Senate Majority Leader Scott Jenkins, R-Plain City, said he thinks the change might be related to heightened scrutiny the Salt Lake City-based church is subjected to as Mitt Romney makes his presidential bid.
"It surprised me. I really enjoy meeting with those guys. You don't get a chance to do it very often," said Jenkins. "They know they're coming under a fair amount of scrutiny this year. I think they worry about it a little more."
He said the church also took some heat over its support for moderate immigration legislation last year, and may be trying to keep a low profile.
The Utah Hospitality Association has also accused the church in a lawsuit of driving public policy on liquor-control issues. It is estimated that more than 80 percent of state lawmakers are members of the predominant faith.
"It seemed odd, because there has always been" a pre-session meeting, said House Speaker Becky Lockhart, R-Provo. "But it is definitely the prerogative of the LDS Church to do it or not."
Scott Trotter, a spokesman for The Church of Jesus Christ of Latter-day Saints, said the legislative luncheons are designed "to thank legislators for sacrificing time to serve the citizens and communities of Utah."
"As a thank-you lunch, it seemed easiest to have it after the legislative session," Trotter said.
The church has been the focal point of considerable attention during Romney's run for the Republican presidential nomination, as it was in 2008, when he gave a prominent speech addressing his faith.
"My guess would be that they probably do view themselves as being under scrutiny for various reasons, especially since Romney is running for president," said Thad Hall, a political science professor at the University of Utah. But it shouldn't come as a surprise that church leaders meet with lawmakers.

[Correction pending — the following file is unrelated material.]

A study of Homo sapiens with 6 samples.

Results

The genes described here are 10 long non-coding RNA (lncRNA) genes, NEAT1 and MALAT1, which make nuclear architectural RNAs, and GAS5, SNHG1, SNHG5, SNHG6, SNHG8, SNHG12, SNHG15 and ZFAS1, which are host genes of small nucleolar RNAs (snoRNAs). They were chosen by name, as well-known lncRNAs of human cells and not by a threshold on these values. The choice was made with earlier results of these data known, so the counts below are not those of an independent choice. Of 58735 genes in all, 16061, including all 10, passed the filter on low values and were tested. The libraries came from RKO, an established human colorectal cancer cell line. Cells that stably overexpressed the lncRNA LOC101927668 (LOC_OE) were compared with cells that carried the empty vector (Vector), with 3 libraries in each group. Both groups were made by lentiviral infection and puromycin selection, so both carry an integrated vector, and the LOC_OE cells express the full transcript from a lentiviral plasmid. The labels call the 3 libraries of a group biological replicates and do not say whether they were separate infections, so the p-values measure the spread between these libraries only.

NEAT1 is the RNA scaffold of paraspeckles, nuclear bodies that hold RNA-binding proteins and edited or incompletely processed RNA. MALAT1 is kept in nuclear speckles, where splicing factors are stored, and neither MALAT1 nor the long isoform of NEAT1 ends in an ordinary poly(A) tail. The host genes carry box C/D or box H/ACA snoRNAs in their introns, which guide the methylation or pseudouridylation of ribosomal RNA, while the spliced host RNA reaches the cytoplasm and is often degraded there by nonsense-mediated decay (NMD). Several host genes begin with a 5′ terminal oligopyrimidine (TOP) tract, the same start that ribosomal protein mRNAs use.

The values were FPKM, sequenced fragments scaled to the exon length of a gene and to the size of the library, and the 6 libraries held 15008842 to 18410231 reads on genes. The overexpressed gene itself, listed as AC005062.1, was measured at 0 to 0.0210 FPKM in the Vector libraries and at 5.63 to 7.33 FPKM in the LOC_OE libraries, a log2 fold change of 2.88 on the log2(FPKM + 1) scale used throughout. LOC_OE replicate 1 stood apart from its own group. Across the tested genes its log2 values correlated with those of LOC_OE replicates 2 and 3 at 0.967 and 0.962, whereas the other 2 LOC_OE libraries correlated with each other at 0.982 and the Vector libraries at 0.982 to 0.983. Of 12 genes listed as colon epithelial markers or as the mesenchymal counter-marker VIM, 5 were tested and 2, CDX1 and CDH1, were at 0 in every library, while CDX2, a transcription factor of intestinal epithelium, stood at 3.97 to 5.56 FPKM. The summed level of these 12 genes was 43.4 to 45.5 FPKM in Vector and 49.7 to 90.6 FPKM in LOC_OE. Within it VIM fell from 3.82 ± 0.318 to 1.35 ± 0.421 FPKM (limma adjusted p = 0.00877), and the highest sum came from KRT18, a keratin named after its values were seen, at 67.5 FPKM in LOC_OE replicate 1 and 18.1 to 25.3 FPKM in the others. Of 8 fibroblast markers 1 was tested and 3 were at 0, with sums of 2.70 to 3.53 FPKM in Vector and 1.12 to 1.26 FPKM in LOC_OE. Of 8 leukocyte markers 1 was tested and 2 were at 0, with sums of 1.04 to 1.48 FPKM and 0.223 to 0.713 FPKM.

"They're an interest group like everyone else. If they want to meet with legislators, they should be able to meet," said Hall. "They're just like everyone else. They have a right to meet."
Former state Sen. Mike Dmitrich, D-Price, who served for nearly four decades in the Legislature, said Democrats had met with LDS Church officials before every session going back to the early 1980s. He said Republicans had been doing it for years before that.
Dmitrich said he enjoyed the meetings, which he described as social gatherings that occasionally touched on policy matters.
That doesn't necessarily mean the church is staying away from issues at the Capitol. Two general authorities offered prayers to open proceedings in the House and Senate respectively. Church representatives have met with lawmakers to discuss proposed liquor reform. And the faith will likely once again be a player in immigration debates in the state.
Utah Democratic Party Chairman Jim Dabakis said he thinks that the Legislature has become so conservative that it makes it uncomfortable for the LDS Church to meet with legislative leadership.
"After so many of the Republican legislators slapped the church in the face in a way on immigration and some of these other issues I think they were less than respectful to the church," Dabakis said. "I believe the radicalization [in the Legislature] has made it uncomfortable for the church."
Republicans dominate the Legislature, outnumbering Democrats by a three-to-one margin.
Senate Minority Leader Ross Romero, D-Salt Lake City, said that he thinks the church offers valuable input on legislation, but recognizes the current sensitivity.
"I certainly think that, as issues have moved forward, whether they be the LGBT issues or alcohol reform issues or immigration issues, there is probably a greater concern about mixing of religious conversations with legislative leaders," Romero said. "Although, I would point out they are a constituent just like every other community, so having their input, having the ability to know who to talk to, is important."